Turkish authorities intercepted over 700 irregular migrants across the country on Monday.
The Coast Guard in the Seferihisar district of the western province of Izmir detected a fishing boat carrying 240 irregular migrants. Security personnel detained five people who were also on the boat for alleged human smuggling.
The coast guard also rescued 252 irregular migrants in another incident in the same area.
A sailboat carrying 39 irregular migrants was also rescued by the coast guard. In a separate incident, 29 irregular migrants pushed back by Greek forces were also rescued.
Another group of 28 irregular migrants drifting due to engine failure were also rescued by Turkish forces.
According to a statement by the Turkish Coast Guard, some 33 irregular migrants off the coast of Bodrum district of southwestern Muğla province were held from two separate rubber boats.
In Muğla's Fethiye district, another sailboat carrying 29 irregular migrants was rescued after it requested help due to engine failure.
Some 62 irregular migrants in life rafts and rubber boats pushed into Turkish territorial waters by Greek forces off the coast of Marmaris and Dalaman districts of Muğla were rescued by the Turkish Coast Guard.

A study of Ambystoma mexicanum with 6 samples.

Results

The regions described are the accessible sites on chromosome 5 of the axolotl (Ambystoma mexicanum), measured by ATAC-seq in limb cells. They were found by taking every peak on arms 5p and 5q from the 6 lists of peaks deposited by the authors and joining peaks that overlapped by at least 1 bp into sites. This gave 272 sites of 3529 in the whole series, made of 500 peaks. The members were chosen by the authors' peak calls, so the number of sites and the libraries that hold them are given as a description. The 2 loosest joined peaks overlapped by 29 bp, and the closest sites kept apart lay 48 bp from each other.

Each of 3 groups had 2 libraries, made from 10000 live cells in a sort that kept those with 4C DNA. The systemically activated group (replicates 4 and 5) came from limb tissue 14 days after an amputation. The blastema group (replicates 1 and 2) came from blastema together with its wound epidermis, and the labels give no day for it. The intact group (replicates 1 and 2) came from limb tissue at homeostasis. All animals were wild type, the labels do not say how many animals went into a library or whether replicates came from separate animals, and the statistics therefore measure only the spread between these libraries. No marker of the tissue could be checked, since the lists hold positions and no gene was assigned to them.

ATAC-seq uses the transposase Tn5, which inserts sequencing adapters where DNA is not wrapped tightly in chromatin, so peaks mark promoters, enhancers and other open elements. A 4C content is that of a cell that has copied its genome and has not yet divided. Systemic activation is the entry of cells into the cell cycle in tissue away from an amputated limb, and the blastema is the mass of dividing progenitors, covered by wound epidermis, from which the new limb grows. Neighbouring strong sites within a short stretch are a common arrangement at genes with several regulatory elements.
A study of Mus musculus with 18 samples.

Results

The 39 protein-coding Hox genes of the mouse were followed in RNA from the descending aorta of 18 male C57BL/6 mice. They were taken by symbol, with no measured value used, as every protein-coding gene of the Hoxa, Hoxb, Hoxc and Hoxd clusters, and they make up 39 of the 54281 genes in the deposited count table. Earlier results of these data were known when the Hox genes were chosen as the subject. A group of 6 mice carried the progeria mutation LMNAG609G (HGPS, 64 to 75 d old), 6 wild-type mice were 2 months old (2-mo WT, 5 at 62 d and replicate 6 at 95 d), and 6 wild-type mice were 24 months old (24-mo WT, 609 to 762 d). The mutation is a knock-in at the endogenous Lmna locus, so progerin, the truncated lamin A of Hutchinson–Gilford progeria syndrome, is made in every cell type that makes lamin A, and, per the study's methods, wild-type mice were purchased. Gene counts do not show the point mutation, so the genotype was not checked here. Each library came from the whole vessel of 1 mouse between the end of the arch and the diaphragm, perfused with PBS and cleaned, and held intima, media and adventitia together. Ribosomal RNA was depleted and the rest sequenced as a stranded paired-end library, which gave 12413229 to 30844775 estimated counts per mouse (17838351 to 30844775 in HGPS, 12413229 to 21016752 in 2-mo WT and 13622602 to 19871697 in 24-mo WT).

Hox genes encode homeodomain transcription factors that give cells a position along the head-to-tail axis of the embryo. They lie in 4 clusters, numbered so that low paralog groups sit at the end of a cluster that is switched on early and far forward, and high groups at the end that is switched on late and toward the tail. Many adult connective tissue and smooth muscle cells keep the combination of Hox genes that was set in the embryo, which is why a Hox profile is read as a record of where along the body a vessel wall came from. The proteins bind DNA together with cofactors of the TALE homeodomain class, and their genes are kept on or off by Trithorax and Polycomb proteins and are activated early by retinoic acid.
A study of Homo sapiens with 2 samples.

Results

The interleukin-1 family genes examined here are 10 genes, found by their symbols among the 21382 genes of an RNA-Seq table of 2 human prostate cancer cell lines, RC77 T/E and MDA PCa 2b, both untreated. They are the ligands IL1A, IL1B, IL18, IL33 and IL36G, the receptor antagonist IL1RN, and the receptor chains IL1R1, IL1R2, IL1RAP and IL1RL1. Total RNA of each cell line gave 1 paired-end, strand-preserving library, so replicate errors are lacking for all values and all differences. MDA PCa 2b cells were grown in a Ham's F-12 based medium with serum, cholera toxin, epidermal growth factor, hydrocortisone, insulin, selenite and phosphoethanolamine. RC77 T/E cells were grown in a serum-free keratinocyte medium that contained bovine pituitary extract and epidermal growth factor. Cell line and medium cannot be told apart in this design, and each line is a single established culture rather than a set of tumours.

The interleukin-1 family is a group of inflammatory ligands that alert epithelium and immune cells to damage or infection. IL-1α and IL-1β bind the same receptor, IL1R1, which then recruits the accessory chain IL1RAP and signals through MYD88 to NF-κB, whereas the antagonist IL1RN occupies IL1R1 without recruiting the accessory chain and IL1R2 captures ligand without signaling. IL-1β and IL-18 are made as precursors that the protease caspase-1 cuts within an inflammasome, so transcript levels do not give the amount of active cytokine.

Some 16 irregular migrants were also held in the eastern province of Erzurum. Two people were detained for alleged human smuggling.
In eastern Van province, police held some 23 irregular migrants of Afghan origin.
In a separate operation, some five people were detained for alleged human smuggling in Van.
Some 10 irregular migrants in northwestern Kırklareli province were rescued after they reached authorities for being lost.
All of the migrants were referred to the provincial migration office following health assistance.
Turkey has been among the main routes for irregular migrants trying to cross to Europe in recent years. Some 265,000 irregular migrants were held in Turkey in 2018, according to the Interior Ministry.
Turkey and the European Union signed a deal in 2016 to curb illegal immigration through the dangerous Aegean Sea route from the Turkish mainland to Greek islands. Under the deal, Greece sends back migrants held on Aegean islands after they crossed over from nearby Turkish shores, and in return, EU countries receive a number of Syrian migrants legally.
The deal, reinforced with an escalated crackdown on human smugglers and more patrols in the Aegean, significantly decreased the number of illegal crossings. However, some desperate migrants still take the route, especially in winter months when a safe journey through the Aegean is nearly impossible aboard dinghies.